On July 24, 1966, NASA launched the Passive Geodetic Earth Orbit Satellite (PAGEOS) satellite, and it would forever make history.
This incredible satellite served as a tracking target, connecting 46 stations from every continent on Earth — supporting real science with ground-shaking implications.
But it didn't end well for PAGEOS, according to an overview from NASA's website.
The massive shiny satellite was made of a thick mylar plastic film coated with vapor-deposited aluminum that surrounded a volume of 524,000 cubic feet (14,800 cubic meters).
The primary purpose of PAGEOS
The satellite was "a 100-foot (30.48)-m inflatable sphere [that] had no instrumentation on board, read the overview on NASA's website. "It was the second (following GEOS 1) NASA satellite in the National Geodetic Satellites Program. PAGEOS 1 was made up of 84 gores and 2 pole caps of 0.0127-mm aluminized mylar film. The gores were [157.4 ft (48 m)] long with a maximum width of [4.06 ft (1.24 m)] and the pole caps were [3.35 ft (1.02 m)] in diameter."
But all did not go well for PAGEOS. Once its construction was complete, it was inflated in orbit to serve as a giant reflector of sunlight that could be photographed from the Earth. However, after the spacecraft was placed into a polar orbit in July 1975 — with an inclination between 85° and 86° — at an altitude of roughly 2,600 miles (4,184 km), it partly disintegrated.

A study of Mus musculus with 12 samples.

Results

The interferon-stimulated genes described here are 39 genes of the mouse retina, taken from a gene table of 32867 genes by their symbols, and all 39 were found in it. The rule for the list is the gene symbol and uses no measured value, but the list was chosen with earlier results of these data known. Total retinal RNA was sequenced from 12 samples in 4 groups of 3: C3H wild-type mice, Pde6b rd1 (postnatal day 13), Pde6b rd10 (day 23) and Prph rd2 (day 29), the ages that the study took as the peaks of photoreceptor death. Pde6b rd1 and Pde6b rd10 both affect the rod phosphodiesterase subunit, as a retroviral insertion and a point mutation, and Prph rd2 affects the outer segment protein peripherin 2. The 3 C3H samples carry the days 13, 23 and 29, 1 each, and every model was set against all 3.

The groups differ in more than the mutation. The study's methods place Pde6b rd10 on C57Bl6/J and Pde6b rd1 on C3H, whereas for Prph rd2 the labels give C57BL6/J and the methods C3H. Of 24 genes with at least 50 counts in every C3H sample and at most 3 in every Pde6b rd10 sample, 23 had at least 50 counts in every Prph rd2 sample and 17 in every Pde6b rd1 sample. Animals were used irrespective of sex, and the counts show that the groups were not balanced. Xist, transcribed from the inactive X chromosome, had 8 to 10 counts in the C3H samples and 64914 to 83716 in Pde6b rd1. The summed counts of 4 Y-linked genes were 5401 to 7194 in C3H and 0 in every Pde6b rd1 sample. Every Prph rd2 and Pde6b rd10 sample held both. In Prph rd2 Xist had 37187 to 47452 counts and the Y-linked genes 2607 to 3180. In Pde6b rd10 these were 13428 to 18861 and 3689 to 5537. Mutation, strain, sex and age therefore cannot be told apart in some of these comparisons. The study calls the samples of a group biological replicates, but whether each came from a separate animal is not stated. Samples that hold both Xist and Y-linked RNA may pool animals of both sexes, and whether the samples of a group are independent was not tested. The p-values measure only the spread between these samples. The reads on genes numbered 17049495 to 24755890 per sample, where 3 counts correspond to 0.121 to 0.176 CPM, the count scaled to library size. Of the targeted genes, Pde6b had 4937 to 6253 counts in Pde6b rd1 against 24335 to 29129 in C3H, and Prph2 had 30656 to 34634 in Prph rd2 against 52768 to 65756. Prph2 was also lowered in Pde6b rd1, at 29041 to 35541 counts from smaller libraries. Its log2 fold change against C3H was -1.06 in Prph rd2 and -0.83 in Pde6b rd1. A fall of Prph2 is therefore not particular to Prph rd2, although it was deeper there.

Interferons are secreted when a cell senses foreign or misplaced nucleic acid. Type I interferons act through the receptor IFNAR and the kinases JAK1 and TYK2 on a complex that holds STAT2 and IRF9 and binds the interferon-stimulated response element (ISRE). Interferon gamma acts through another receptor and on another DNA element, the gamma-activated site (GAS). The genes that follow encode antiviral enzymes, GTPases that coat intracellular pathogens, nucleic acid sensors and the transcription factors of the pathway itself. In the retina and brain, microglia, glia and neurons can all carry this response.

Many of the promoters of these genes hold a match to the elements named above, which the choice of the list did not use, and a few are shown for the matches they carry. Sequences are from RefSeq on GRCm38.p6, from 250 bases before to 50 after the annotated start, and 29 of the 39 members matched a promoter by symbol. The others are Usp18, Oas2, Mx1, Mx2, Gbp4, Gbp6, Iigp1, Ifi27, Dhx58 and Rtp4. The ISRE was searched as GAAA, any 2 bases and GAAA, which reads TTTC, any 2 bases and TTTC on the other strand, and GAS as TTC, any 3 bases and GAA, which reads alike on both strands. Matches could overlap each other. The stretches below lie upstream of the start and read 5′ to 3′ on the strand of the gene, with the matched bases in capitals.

Then in January 1976, PAGEOS suffered a second break up resulting in the release of a large number of fragments from the balloon, most of which re-entered the atmosphere during the following decade. Finally, in 2016, one of the largest pieces of PAGEOS de-orbited, marking the end for the balloon. But it was still worthwhile.
Observable from everywhere
During its heyday, PAGEOS had an apparent magnitude of 2 mag, thanks to its higher orbit. This meant the satellite could be observed across a wide swath of the Earth's surface, from Europe to North America.
And boy was it a sight to look at it! PAGEOS appeared from Earth like a slow-moving star even at night. It boasted a high orbit and polar inclination that would allow it to avoid the Earth's shadow and make it observable any time of day or night.
NASA had previously estimated that "to fulfill the mission requirements, the structural integrity of the satellite's load-bearing PET film and the reflectance of its vapor-deposited aluminum surface must be maintained for five years." PAGEOS, however, managed to last for 10 years in mint condition (before disintegration began), which is why it's considered a great success.